Emarel Freshel



Maud Russella Lorraine Carpenter was born in 1867 in West Virginia the daughter of Mary Amaryllis "Emma" Bower and Russell Carpenter. She grew up in Chicago and graduated from Organtz College. She married Ernest R. Sharpe of Boston. In 1917, she married Curtis P. Freshel.

Design career[edit]

Mrs. Freshel is traditionally held to be responsible for the original designs of the Wisteria and Pond Lily Tiffany lamps that won the grand prize at the 1902 Prima Exposizione d’Arte Decoration Moderna in Turin, Italy. In 1900, she commissioned Louis Comfort Tiffany to decorate her home in Chestnut Hill, Massachusetts. Included in her sketches was a lampshade modeled after the wisteria that grew there. It is presumed that she exchanged the commercial rights to the design for a reduced fee on the work. However, the recent discovery of Clara Driscoll's letters suggests instead that Driscoll may have been responsible for the Wisteria design.

She designed a Swiss chalet style house for her neighbors Mr. and Mrs. John G. "Jack" Ramsbottom at 86 Commonwealth Avenue in Chestnut Hill. This and her own Tudor style house at 74 were acquired and gutted by Boston College and known as the Philomatheia Club and Alumni Hall, respectively. They were razed in 1988 to make way for dormitories.

Vegetarian activism[edit]

M. R. L. attended the 1893 Parliament of the World's Religions as a Christian Scientist. There she met Anagarika Dharmapala. In 1917, she left the Christian Science Church when it endorsed entry into World War I.

She visited Leo Tolstoy in Russia and Cosima Wagner in Germany. She met George Bernard Shaw, who supposedly gave her the nickname "Emarel" from her initials.

Mrs. Sharpe was known for dressing in faux furs. In 1911, she co-founded the Millennium Guild, named after the prophesy of Isaiah 9:11 of a day when hurting and killing would cease.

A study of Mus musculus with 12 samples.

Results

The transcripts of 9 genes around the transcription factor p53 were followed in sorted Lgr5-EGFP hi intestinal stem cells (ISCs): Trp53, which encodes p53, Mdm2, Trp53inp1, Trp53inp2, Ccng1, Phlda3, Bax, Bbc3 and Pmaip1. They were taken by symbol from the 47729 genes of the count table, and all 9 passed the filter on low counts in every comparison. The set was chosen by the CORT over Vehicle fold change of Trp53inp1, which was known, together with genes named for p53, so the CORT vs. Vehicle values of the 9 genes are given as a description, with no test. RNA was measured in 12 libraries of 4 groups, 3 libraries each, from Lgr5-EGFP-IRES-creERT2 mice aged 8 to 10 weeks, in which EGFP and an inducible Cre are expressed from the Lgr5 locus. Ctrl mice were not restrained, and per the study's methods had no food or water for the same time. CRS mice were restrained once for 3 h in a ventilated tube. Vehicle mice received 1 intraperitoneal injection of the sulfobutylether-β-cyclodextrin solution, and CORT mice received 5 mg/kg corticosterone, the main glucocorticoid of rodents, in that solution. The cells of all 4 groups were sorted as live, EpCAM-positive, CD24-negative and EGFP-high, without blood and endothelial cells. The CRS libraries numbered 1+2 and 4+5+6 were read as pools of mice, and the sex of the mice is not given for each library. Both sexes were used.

She hosted vegetarian dinners and films of slaughterhouses at her home, which was known as Providence House.

She organized an annual vegetarian thanksgiving dinner at Copley Plaza Hotel.

She served on the board of the New England Anti-Vivisection Society and was active in the Animal Rescue League of Boston.


  • The Golden Rule Cook Book; Six Hundred Recipes for Meatless Dishes. Cambridge, Mass.: University Press. 1908.  and subsequent editions through 1926.
  • Wagner, Richard (1933). Selections from Three Essays by Richard Wagner with Comment on a Subject of Such Importance to the Moral Progress of Humanity that it Constitutes an Issue in Ethics and Religion. New York: Millennium Guild. 


  • Iacobbo, Karen; Michael Iacobbo (2004). Vegetarian America : A History. Westport, Conn.: Praeger. pp. 147–149. ISBN 0-275-97519-3. 
  • Prather-Moses, Alice Irma (1981). The International Dictionary of Women Workers in the Decorative Arts : A Historical Survey from the Distant Past to the Early Decades of the Twentieth Century. Metuchen, N.J.: Scarecrow Press. p. 59. ISBN 0-8108-1450-1. 
  • Adams, Carol J. (1989). "Feminism, the Great War, and Modern Vegetarianism". In Cooper, Helen Margaret; Munich, Adrienne; Squier, Susan Merrill. Arms and the Woman: War, Gender, and Literary Representation. Chapel Hill: University of North Carolina Press. p. 246. ISBN 0-8078-1860-7.